This Sunday's French and Greek elections may mark the beginning of the end of the current political status quo not only for France and Greece, but for much of Europe. The polls will take place in a unique political, economic, social and psychological climate, and will likely mark a formal shift away from pro-austerity measures. The desire of a large part of the populous for a gradual yet fundamental change is mixed with frustration about what austerity measures have -- and have failed -- to achieve, prompting many to want to punish the political establishment. The question is, will they end up punishing themselves in the process.
The current crisis in Europe challenges the notion that a better future can only be achieved through a painful present, with salary cuts, increased taxation, and reduced public services being part of nearly every European country's current landscape. After four years of this approach, many people in Europe are now poised to reject the new rules to the game. New political divisions are emerging, but transcend traditional cleavages such as left vs. right, increased vs. limited state interventionism, and nationalism vs. xenophobia. Voters are now likely to support candidates who can draw a fine line between charisma and political sobriety, excess and realism, and sensibility and necessity.
The failure on the part of the current crop of politicians to turn Europe's economic morass around has created a backlash because voters no longer see a pot of gold at the end of the rainbow. Instead, they see a new Europe that is beginning to imply a semi-permanent state of budget cuts and austerity, which is perpetuating anemic growth rather than the type of economic stimulus that will ultimately lift the continent out of its hole.
An absence of trust between voters, politicians and political organizations has ensued. Since the political middle ground has failed to deliver, voters are seeking solace through political candidates spouting increasingly extremist rhetoric, and raising the prospects of parties on the far right and left. The irony is that political extremists have no better game plan and probably stand no better chance of turning things around -- even though voters would like to believe they do.
In France, Mr. Hollande's answer to sclerotic growth is to reject fundamental reform while raising taxes and spending, making the role of the state even larger. There is also concern about whether any coalition government in Greece will be able to deliver on the country's promises of maintaining a tough austerity program, which would imperil continued IMF support.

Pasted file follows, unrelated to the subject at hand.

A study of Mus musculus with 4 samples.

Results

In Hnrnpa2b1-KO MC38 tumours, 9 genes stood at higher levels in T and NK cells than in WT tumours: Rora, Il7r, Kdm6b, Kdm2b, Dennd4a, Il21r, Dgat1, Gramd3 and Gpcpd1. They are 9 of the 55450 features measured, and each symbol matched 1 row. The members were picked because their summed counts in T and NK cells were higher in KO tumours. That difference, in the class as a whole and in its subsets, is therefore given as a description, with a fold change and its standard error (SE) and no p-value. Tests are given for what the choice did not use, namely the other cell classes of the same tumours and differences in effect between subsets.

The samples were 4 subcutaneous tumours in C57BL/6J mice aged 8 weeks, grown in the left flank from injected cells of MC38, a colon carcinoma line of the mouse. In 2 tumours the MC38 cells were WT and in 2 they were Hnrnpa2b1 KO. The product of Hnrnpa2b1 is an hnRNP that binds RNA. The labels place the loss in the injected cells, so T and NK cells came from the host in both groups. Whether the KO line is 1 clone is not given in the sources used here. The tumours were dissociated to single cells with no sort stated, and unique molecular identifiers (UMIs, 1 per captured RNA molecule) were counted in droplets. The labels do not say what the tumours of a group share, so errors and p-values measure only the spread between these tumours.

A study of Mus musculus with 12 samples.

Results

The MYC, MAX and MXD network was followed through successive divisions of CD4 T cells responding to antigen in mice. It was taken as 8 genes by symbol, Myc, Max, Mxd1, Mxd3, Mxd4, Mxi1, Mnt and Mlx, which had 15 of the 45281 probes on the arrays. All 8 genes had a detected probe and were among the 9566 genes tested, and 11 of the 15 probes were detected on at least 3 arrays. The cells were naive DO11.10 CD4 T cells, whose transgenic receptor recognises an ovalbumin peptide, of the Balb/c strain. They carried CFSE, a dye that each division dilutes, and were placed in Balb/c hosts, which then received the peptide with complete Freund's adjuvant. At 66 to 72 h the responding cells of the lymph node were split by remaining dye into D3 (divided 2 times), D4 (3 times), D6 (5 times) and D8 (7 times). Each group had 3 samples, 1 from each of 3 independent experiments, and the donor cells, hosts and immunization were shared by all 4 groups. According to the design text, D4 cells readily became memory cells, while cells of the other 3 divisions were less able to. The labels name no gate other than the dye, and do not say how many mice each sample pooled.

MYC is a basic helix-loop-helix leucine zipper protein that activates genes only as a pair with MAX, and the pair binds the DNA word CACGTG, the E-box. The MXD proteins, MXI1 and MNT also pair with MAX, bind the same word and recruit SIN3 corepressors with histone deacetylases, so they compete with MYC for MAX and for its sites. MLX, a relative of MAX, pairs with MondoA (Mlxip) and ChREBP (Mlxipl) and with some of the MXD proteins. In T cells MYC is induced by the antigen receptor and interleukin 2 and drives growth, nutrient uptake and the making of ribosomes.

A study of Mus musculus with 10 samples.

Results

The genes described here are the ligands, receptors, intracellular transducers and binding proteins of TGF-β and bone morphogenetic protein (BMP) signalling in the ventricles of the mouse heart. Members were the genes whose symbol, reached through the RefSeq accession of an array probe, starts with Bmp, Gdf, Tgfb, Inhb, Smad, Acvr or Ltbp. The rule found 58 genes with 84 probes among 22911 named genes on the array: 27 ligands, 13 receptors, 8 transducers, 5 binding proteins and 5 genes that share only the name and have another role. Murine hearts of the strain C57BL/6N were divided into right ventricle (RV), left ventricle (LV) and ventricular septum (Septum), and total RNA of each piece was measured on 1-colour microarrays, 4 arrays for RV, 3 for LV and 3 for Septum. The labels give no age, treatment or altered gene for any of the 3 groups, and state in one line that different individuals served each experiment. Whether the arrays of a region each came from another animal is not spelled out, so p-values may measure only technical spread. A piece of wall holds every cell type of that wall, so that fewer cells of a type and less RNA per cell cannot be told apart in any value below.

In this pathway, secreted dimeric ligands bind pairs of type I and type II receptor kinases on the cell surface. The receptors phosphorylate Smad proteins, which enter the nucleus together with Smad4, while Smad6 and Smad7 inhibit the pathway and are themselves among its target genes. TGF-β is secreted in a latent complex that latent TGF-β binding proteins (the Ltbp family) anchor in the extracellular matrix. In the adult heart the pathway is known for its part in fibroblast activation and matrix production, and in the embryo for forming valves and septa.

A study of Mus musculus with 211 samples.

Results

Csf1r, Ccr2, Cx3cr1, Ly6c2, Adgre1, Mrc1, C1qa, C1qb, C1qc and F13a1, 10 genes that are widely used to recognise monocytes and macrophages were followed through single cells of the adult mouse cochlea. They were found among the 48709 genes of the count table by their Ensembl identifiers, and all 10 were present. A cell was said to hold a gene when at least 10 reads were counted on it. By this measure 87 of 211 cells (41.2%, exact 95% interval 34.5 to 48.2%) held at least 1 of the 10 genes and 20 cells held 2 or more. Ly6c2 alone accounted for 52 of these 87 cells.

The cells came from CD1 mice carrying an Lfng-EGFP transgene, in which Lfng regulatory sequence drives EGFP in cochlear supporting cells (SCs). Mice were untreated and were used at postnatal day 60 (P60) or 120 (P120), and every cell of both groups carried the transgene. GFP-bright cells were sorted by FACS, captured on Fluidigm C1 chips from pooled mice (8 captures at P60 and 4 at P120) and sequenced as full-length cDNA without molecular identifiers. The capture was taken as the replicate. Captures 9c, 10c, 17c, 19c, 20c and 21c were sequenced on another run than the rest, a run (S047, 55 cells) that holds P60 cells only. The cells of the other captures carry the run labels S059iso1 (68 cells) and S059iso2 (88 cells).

It is becoming increasingly clear to more and more voters that as the present medicine has failed to show tangible results (with the Greek economy expected to shrink another 5 percent this year, and France slated to achieve virtually no growth) that if their lifestyles have not already been negatively impacted by Europe's perfect storm, it will soon be the case.
Europe's drift toward political extremism also threatens to derail the Franco/German alliance and common understanding about how to fix the problem. With Mrs. Merkel having taken a firm stance against Mr. Hollande, his rise to power implies even greater challenges for Europe. It is becoming evident that if things do not improve in the rest of Europe, Germany will begin to lose the incentive to convince European leaders of the necessity of maintaining a medium term tight monetary policy.
The continent's leaders and the political elite must acknowledge the multifaceted character of the current crisis, with all its political, economic, and social manifestations. This economic crisis is forcing the wider establishment and average citizens to re-examine Europe's socio-political structure. It may take a shift to the fringe of the political spectrum to finally arrive at the right mix that will enable Europe to lift itself up, which implies that a political solution remains many years away. If so, Europe, and the world, must brace itself for part two of the Great Recession, which cannot be far away.
Co-written with Alexis Giannoulis
Daniel Wagner is CEO of Country Risk Solutions, a cross-border risk consulting firm based in Connecticut (U.S.), Director of Global Strategy with the PRS Group, and author of the new book Managing Country Risk. Alexis Giannoulis is a CRS research analyst and a freelance diligence and political risk analyst.